Writing in The Lancet (2004;363:263–270), researchers from the Dana-Farber Cancer Institute say there's not much evidence patients participating in cancer clinical trials have better outcomes than those who do not participate.
Jeffrey Peppercorn, MD, MPH, and colleagues reviewed 24 published studies describing 26 comparisons of outcomes for patients who participated in clinical trials with those who did not to determine whether there was a discernible “trial effect”—a measurably better outcome for those who participated. Fourteen of these 26 comparisons showed some evidence of better outcomes among trial participants. However, only eight comparisons limited the control group to individuals who met eligibility criteria for the trials in question. Of these eight comparisons, only three showed a benefit to those enrolled in the study. Studies showing a trial effect were more likely to involve pediatric cancers and hematologic malignancies and were more often from the period before 1986. No studies showed worse outcomes for people who participated compared with other patients.
“We found a few instances in which cancer trial participants may have had better outcomes than nonparticipants, but the limitations of the data we reviewed made it difficult to establish a definitive link between trial participation and improved outcome,” said coauthor Steven Joffe, MD, MPH, in a statement.
Most of the comparisons were retrospective cohort analyses, and few controlled adequately for potentially confounding factors like comorbidities, socioeconomic status, or treatment differences like hospital volume or care in a specialized cancer center, the authors wrote.
However, that doesn't mean cancer patients should be discouraged from participating in trials. “Clinical trials are critical to the advancement of cancer care, but it is important that people who enroll in a study understand that their participation is intended primarily to benefit future patients,” said Peppercorn, a clinical fellow at the Dana-Farber Cancer Institute.
“It is important that we not overpromise the potential results and outcomes of participation [in clinical trials],” agreed Harmon J. Eyre, MD, Chief Medical Officer of the ACS and CA Editor-in-Chief.
But Eyre questioned whether doctors really are giving patients false hope, and he worried that the study might discourage some patients from taking part in critical research. “This study may lead patients, their families, and even health care providers to the faulty conclusion that participating in clinical trials has no benefit,” he said.
Although no two trials are the same, Eyre noted that many do offer participants certain advantages. Patients may get access to treatments that aren't otherwise available and that may be safer or more effective than standard treatment, for instance. Patients in trials may be more carefully monitored for changes in their condition and for side effects of treatment. Participants may also be offered a greater number of treatment options, even if they haven't exhausted standard options.
“Treatment offered in most trials is equivalent to or incrementally more effective than the current standard of care, and there are numerous examples of real advances that led to dramatic improvements in survival and quality of life among participating patients,” Eyre said. “We should not lead participants to believe that trial participation is likely to improve their survival, but it is true that participating patients have small chance of substantial benefit from a new therapy.”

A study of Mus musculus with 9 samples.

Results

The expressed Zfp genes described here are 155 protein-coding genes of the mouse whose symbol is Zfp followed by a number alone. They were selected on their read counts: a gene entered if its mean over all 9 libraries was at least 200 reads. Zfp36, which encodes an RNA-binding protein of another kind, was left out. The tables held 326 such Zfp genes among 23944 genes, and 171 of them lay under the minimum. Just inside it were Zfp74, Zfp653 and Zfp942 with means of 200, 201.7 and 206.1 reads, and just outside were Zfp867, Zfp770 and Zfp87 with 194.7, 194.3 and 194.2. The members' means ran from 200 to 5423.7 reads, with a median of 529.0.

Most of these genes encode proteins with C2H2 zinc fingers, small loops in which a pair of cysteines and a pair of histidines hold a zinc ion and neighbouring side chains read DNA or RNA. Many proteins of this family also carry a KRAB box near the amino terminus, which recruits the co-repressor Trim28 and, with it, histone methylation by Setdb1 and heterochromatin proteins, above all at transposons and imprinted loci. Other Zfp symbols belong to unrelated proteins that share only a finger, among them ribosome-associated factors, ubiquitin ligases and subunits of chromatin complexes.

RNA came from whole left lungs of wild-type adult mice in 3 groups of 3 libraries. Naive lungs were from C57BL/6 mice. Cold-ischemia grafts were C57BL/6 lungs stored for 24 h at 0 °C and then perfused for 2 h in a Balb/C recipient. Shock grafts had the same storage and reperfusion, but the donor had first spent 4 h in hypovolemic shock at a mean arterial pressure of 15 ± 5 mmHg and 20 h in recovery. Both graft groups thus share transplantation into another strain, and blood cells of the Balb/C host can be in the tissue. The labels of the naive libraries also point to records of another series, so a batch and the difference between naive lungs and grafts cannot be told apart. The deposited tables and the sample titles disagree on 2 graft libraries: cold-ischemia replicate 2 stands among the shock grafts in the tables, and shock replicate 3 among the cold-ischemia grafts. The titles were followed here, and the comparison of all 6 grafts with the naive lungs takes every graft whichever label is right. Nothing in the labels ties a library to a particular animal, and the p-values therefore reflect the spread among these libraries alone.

Eyre pointed out that Peppercorn and colleagues noticed a trial effect for childhood and hematologic cancers, areas of rapid progress during the time these data were collected. During such a period, trial participants may benefit from access to new treatments; when little progress is being made, a trial effect is less likely. The problem facing both patients and oncologists, he said, is that it's often difficult to predict which trials provide access to the next big breakthrough.
There is also evidence that trial participation has a positive impact on quality of life for some patients, even in Phase 1 oncology trials, which are designed to study safety rather than efficacy (JAMA 2003;290:1,075–1,082). Participating in a trial that offers even a relatively small chance of direct benefit is an important coping strategy for some patients, Eyre said. For others, the opportunity to help future patients is a source of pride and comfort.
Finally, trial participation offers some patients the opportunity to receive their care from leaders in academic oncology who might not currently be accepting many new patients outside of certain trials, Eyre noted.
Of course, there are downsides to trials, also. Patients in randomized trials do not have a choice concerning which treatment they receive, insurers may not cover the cost of participation, and patients may be inconvenienced by more frequent testing or time and travel commitments associated with participation.
Nevertheless, Eyre said clinical trials are crucial. “Because clinical trials often benefit tomorrow's patients and sometimes help today's patients, the ACS will continue to promote participation in these trials.”